I’ve been cleaning out an attic—not my own—along with drawers, closets, shelves, storehouses, and barns —also, not my own, or at least not primarily. I don’t live here anymore, though I’ve always called this place home.
I’m doing these things in preparation for the sale of a farm that has been lived in continuously, and happily, for forty years. During that time, the house accumulated the contents of others’ houses, boxed up and moved in when the people who owned them grew sick and old and eventually died. Life was too busy to sort through all of it, so generation piled upon generation, like the Iron Age after the Bronze.
In the heat of a Southern summer, in the eaves of the old house, dimly lit and with little ventilation, old cardboard boxes must be gone through. They crumble and split at the touch, disintegrating like frail pastilles. The close air is heavy with the scent of insulation, musty paper, aged cloth, bitter red coins, and for some reason, the contents of ladies’ purses that I remember from my youth—the patent leather kind with hard metal clasps: Kleenex, face powder, rouge, lipstick, and mints.
This is a delicate business. Decisions have to be made. After all, someone saved these things; even the slightest sense of duty to the past can tug hard at the conscience. Who am I to discard what has been kept for seventy years or more? I’m the kind to keep, in fact, and when there’s no clock running on your right to a place, you can keep on keeping.
But now there is indeed a clock, and a realtor owns it; hard as it is to fathom, others will come to consider this farm with an eye to purchase, and they will want to see its “potential.” They will want to see how much empty space there is, how vast the nothingness can be, cleared of history’s clutter. They will want the live oaks out of the way so they can get a view of how much grass might accumulate; square footage, you know; it’s all about square footage.
So as to the things kept; something’s got to go. Somebody has to draw the line. And it seems that somebody has come down to me.
With a box full of black garbage bags, I begin the task. There are some easy choices. Nothing that relates to a living person is thrown away. Those are tied to pasts larger than my own, to branches of memory I cannot value. What appears to me a record of no great moment, a trophy or laurel wreath of no lustrous renown, might have untold significance to those absent. Such things go into newer boxes, and await other afternoons in other attics to come.
The trouble I have is with things that were kept by those now dead; some of them long dead. What if I’m throwing away the last token of some monumental fervor or love? But untethered from a living heart and tongue, there’s no way of knowing, which tells a great deal about the inscrutability of the material world. An object can be fraught with consequence or have none at all, and it all turns upon the fulcrum of a lived experience. There is a note of triage about such tasks as mine—what to save; what to let slip away.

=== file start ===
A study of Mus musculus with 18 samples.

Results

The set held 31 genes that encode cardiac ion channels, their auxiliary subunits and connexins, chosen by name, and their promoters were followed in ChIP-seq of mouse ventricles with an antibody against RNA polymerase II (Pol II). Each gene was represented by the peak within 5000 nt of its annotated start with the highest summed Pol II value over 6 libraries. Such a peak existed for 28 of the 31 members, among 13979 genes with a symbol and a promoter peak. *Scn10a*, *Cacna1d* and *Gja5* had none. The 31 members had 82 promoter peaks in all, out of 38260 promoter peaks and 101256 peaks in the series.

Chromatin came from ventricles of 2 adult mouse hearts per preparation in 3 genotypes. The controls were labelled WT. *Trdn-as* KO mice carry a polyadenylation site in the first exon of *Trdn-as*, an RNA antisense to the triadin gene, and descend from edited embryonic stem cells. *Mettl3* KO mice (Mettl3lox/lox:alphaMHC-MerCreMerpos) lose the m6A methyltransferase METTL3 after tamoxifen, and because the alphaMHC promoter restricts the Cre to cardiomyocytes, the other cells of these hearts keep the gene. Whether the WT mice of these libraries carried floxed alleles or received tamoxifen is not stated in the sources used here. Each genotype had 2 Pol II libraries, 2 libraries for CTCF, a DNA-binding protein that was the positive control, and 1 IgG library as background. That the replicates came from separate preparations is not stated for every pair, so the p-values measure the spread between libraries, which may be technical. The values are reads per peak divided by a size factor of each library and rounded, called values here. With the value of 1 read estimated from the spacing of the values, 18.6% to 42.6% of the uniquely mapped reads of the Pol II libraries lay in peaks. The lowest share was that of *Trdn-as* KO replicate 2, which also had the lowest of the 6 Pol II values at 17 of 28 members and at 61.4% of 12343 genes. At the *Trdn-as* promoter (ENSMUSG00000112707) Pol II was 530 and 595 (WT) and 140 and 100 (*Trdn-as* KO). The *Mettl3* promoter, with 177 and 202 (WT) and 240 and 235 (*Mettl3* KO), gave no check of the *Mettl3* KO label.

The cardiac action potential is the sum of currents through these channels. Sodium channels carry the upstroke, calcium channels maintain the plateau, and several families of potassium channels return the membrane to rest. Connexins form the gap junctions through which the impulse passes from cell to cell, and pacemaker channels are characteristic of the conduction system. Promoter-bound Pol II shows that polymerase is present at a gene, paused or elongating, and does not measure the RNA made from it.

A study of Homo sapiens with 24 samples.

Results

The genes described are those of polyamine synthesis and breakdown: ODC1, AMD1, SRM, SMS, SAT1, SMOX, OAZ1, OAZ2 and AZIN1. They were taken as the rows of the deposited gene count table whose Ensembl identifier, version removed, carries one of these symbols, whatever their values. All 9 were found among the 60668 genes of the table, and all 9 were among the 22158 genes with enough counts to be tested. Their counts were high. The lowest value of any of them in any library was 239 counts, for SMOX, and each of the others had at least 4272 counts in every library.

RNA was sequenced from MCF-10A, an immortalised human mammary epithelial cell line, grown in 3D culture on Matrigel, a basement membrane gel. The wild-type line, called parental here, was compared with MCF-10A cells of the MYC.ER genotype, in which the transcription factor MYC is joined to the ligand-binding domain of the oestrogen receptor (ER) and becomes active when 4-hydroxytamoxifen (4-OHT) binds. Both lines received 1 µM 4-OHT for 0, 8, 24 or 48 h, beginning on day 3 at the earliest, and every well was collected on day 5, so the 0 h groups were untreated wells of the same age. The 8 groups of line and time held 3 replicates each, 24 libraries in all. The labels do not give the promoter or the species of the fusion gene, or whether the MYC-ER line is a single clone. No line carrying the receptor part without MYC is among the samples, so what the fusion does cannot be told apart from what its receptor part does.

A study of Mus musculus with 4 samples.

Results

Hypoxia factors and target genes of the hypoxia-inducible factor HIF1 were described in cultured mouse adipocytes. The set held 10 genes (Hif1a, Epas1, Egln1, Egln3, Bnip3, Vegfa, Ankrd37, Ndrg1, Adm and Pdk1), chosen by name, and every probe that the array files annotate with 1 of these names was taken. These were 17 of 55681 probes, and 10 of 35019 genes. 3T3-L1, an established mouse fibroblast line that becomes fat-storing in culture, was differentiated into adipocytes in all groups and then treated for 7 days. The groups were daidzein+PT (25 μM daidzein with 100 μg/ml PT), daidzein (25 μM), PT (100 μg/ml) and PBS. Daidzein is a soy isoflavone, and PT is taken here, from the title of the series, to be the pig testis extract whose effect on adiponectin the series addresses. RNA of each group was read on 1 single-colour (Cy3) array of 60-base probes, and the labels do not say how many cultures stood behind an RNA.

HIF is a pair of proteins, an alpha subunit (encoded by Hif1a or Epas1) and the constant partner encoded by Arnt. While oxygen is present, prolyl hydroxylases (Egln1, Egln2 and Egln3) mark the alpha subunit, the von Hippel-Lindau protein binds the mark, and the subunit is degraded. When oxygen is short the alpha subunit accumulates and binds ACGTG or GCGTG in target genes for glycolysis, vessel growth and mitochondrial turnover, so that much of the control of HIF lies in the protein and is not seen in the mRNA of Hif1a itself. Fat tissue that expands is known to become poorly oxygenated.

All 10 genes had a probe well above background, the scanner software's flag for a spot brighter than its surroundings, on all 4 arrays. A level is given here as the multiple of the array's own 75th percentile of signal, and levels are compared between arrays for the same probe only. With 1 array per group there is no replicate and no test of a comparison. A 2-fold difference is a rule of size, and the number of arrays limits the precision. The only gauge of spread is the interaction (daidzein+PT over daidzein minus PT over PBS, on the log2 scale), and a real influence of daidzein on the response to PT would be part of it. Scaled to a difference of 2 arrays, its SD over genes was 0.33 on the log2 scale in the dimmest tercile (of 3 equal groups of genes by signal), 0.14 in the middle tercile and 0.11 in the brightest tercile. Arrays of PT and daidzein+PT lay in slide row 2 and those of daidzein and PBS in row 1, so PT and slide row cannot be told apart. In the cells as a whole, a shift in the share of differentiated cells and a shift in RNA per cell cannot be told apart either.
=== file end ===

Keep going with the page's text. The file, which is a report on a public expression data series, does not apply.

Such metaphoric battlefields as this pull mightily upon the scruples. It can seem callous, slightful, to cast away clippings, medals, report cards. Something as insignificant as a shopping list—unintentionally saved—or a short note or check register in the hand of a grandmother gone some thirty-five years now—can give much pause.
Handwriting is a hard thing I’ve learned. Like the recorded voice or the photographed image, it is as close as we can come to the reality of a human that once was, of a pulse that once beat quickly. I was one of the things that gave these people purpose—their intentions and plans were made around me and for me. For the leaf to say to the root, “I have no need of what you needed,” seems insolent; ungrateful.
But it’s only a shopping list; only a check register. I get too philosophical. There’s no time for sentiment. Shake it off; go on.
Christmas and birthday cards can be harder still, connected as they are to emotions that survive loss. But there are hundreds of them, and any inscriptions inside make the decisions more difficult. When it comes to handwritten letters, which are both an archive for reminiscence and artifact for beautiful civilities now passed—the choices grow treacherous.
Nevertheless, some things I cannot do. For example, anything related to the boy I was named after, who died when he was twenty-two, I have to keep. I’ve already lost too many of his things along the way, fool that I am, so I overcompensate. I’ll deal with that another time; only so much practicality can be mustered.
Other things, I make myself do.
For if you swallow big and take a deep breath, a sweep of an arm can shuffle away moth-chewn tuxedoes and ball gowns, kept for decades. Off go schoolbooks, board games. One hard snatch can pull down portieres that have dry-rotted, and a good swift kick can break apart the rest, if it’s wooden, and held together only by your own reluctance to do the deed.
To everything there is a season, I say tritely as I work. All will be well yet, and the pile grows high.
But still, beneath my breath, I find myself asking as I did as a child, with regard to puppies that had died, or on behalf of colts and calves that had slipped away—that God, despite himself, and in his great and infinite mercy, might somehow let there be a kind of rough heaven, even for these ordinary things of everyday use.
A.G. Harmon teaches Shakespeare, Law and Literature, Jurisprudence, and Writing at The Catholic University of America in Washington, D.C. His novel, A House All Stilled, won the 2001 Peter Taylor Prize for the Novel.